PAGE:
Western Arkansas Planning and Development District sets April 2 deadline for wayfinding requests

by Aric Mitchell (amitchell@talkbusiness.net) 402 views 

Updated rendering of the planned U.S. Marshals Museum to be built in Fort Smith.

Member cities of the Frontier Metropolitan Planning Organization (MPO) have until April 2 to turn in their signage submissions for a wayfinding program in the Fort Smith region.

Western Arkansas Planning and Development District (WAPDD) Executive Director Sasha Grist told Talk Business & Politics the desire for wayfinding started “two or three years ago,” inspired by a similar program in Northwest Arkansas. From there, WAPDD facilitated a preliminary design plan — created by MAHG Architecture — that was approved by the Arkansas Department of Transportation (ArDOT) in June of 2017. The approval was necessary because it allows communities or clusters of communities to promote community-focused projects on state highways.

The chosen designs will soon be handed off to an engineering firm to create specs, which, along with the quantity of needed signs, will enable requests for competitive bidding.

“We have the plan approved and a price on the signs, but now it’s about, ‘How are we going to get it implemented?,'” Grist said. “When MAHG did the design, they said that due to the scale of it, we should talk to an engineering firm.” WAPDD is considering McClellan, Hawkins-Weir, and Morrison-Shipley Engineers for further development of the specs,” Grist said.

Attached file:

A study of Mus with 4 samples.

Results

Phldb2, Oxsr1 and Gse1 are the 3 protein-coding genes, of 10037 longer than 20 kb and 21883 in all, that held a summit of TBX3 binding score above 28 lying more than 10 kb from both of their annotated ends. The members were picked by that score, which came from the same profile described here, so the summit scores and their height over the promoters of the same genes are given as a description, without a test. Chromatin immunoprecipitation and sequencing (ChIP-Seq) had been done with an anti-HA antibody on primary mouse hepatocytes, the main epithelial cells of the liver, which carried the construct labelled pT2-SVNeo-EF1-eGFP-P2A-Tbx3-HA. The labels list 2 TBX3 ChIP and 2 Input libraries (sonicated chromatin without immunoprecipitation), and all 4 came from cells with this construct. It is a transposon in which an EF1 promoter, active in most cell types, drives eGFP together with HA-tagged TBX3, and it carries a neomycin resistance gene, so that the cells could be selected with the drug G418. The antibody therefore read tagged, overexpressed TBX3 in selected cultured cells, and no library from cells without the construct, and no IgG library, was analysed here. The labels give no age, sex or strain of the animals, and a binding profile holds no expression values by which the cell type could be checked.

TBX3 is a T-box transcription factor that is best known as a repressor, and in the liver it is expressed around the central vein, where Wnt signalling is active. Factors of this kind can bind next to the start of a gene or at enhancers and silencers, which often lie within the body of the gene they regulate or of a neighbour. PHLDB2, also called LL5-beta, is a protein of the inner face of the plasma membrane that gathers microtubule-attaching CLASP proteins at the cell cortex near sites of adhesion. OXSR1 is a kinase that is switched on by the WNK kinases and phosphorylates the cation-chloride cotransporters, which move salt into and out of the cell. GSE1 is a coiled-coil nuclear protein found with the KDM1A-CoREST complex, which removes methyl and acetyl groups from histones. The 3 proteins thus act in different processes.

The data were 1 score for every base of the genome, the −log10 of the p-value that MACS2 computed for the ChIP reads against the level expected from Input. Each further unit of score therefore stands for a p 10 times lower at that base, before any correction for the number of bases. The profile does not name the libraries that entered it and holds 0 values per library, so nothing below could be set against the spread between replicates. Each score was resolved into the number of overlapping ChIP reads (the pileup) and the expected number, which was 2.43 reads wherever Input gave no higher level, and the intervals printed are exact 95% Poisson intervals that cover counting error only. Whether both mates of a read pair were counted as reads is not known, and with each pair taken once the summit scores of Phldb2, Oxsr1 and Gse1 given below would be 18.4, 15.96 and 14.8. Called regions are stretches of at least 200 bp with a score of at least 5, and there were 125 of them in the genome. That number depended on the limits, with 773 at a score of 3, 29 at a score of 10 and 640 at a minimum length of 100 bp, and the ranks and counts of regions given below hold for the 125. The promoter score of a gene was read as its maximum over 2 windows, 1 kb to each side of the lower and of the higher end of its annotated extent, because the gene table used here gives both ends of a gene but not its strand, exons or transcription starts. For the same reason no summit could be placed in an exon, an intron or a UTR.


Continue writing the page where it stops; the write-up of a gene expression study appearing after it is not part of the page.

Wayfinding programs are open to vehicular and pedestrian signage, but they must not be used for common advertising, so signs pointing to restaurants and stores, as examples, are prohibited. What these signs can do, however, is point to locations that serve the community as a whole and help with economic development.

Eligible signage examples would include the United States Marshals Museum, University of Arkansas at Fort Smith (UAFS), sports venues, water parks, breweries/wineries, casinos, farmers’ markets, business districts, specialty shopping centers, fairgrounds, concert halls, architectural districts (like Downtown Fort Smith and Chaffee Crossing), Visitors Centers, and historic sites.

Example of a wayfinding sign. (Marshals Museum misspelling noted.)

Pricing signage options from FSG, Frontier MPO Director Reese Brewer noted that each individual sign ranges from $3,150 for a “parking trailblazer” to $5,800 for a “vehicular directional.” Prices, Grist added, would vary significantly from that based on the quantity of signs ordered, so a clear estimate will not be possible until participating communities return with their requests by the April 2 deadline and WAPDD can submit complete specs.

Cities also may place separate order requests, but that could be cost prohibitive as smaller orders mean larger prices. That said, communities have to balance their needs with their available funds, Grist said, pointing to Fort Smith, the area’s largest city, as an example of a community that “will have to do theirs in phases.”

To assist in paying for the programs, cities can apply for grants through the Transportation Alternatives Program of ArDOT. TAP grants are structured as 80/20 matches, so participating cities will have 20% capital outlay on the overall cost once approved. Grist said these types of grants would be more likely to help with pedestrian-focused signs.

“Signs off the Interstate probably won’t be grant-eligible,” she added.

Grist expects the wayfinding program to be in motion throughout 2018.